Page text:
April was another interesting month, with gains across almost all global stock markets led by the United States, but closely followed by the U.K. and Europe. Whilst the former two were significantly aided by continued COVID-19 vaccine progress and associated national reopening, Europe has started to make some progress too. Certainly, opportunities for a holiday beyond the U.K. are looking a little bit more plausible. However in Asia, India’s COVID-19 crisis was responsible for more than a third of the daily global numbers during April, with its currency falling to a multi-year low against the pound. Elsewhere, whilst Japan is still set to host the Tokyo Olympics this summer, large parts of the country have reintroduced a range of movement limitations. Unsurprisingly, performance by both the Asian and overall emerging markets indices were more modest during the month.

So where do we go from here? For many years the line that investors should “Sell in May and go away, and come back on St. Leger’s Day” (with the latter this year falling on the eleventh of September), but – as we have seen over a similar period in recent years – financial markets have often proved a little different. However, with global index inflows over the last five or six months being larger than the amount seen over the previous twelve years, prospects over the next four (and a bit) months are worth thinking about. 

The first place to start has to be the global bond markets. Compared to the end of last year and the first quarter of this year, April was a better month for bond holdings, as the rise in bond yields (and hence the fall in bond prices) stopped for a few weeks in both the United States as well as the U.K. markets. Certainly the recent meeting held by the Federal Reserve noted the continuation of a significant amount of stimulus activity, a point likely also to be made by the Bank of England in early May. However unless we see very modest inflation levels for the rest of this year or a new COVID-19 crisis in the United States and the U.K., a further advance in bond yields still seems likely.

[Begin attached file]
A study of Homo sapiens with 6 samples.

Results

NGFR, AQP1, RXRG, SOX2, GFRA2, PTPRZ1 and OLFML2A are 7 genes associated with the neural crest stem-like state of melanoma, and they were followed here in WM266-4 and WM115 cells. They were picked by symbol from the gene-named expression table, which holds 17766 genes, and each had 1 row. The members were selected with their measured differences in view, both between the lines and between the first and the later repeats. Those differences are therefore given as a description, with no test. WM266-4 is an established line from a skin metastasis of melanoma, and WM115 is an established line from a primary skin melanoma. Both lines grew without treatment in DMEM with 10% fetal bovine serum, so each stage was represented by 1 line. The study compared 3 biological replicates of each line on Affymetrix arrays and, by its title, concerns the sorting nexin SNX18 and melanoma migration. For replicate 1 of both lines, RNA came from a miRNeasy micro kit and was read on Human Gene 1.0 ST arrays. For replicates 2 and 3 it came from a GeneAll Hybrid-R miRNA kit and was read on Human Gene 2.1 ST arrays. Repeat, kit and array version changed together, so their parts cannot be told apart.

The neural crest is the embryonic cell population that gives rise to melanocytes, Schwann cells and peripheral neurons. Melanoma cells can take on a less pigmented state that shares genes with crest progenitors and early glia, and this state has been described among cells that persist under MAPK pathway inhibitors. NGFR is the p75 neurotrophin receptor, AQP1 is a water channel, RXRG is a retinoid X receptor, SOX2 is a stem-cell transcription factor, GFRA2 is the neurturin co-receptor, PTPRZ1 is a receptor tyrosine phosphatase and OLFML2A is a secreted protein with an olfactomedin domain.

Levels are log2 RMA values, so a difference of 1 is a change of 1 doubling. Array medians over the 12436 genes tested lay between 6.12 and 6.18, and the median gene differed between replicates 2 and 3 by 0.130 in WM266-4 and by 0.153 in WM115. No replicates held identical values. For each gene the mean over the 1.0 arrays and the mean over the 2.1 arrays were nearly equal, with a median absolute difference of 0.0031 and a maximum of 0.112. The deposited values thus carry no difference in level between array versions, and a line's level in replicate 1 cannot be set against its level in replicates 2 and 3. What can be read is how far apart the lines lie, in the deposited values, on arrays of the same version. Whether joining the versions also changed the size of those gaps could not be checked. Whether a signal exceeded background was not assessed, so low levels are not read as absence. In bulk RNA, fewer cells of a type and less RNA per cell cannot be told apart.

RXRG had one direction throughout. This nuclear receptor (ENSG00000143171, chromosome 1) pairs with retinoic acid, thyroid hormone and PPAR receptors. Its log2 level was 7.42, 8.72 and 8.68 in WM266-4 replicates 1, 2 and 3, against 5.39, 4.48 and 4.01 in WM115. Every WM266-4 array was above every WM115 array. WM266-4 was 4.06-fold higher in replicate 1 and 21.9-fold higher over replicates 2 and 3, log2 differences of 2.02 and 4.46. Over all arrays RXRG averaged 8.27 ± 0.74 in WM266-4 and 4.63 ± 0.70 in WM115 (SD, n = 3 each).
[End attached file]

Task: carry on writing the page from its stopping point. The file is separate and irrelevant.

Compared to the end of last year and the first quarter of this year, April was a better month for bond holdings

Meanwhile – in a trend supported by the ongoing quarter one corporate earnings survey – equity dividend yields are typically running at a higher level than that being offered in the bond markets. This is far from being a new observation but still remains an attraction for equity market investment. Naturally the ability to grow both profitability and the ability to heighten dividend payments can reverse, but prospects for at least the rest of this year continue to look positive. 

How about holding onto more cash? Whilst the high level of equity market returns over the past six months will excite some, it will concern others given the magnitude of some of the improvements. Meanwhile in the broader economy, in a point observed in recent updates from the large U.K. banks, significantly heightened cash deposit levels built up by individuals in their personal bank accounts are likely to be reversed as the country opens up again.

There has been little formal success to “sell in May and go away” over the last fifty or sixty years, especially as recent history has suggested heavy new investments in September caused more issues for portfolios. Naturally every year can be different, however prospects for those selecting equity investments still seem to be favourable over the next few months. Meanwhile carefully positioned selection – as always – will matter. After all, in the words of Shakespeare, “we know what we are, but know not what we may be”.

Prospects for those selecting equity investments still seem to be favourable over the next few months

The information contained in this article is for general consideration only and any opinion or forecast reflects the judgment of the Research Department of Raymond James & Associates, Inc. as at the date of issue and is subject to change without notice. Past performance is not a reliable indicator of future results.

You should not take, or refrain from taking, action based on its content and no part of this article should be relied upon or construed as any form of advice or personal recommendation. The research and analysis in this article have been procured, and may have been acted upon, by Raymond James and connected companies for their own purposes, and the results are being made available to you on this understanding.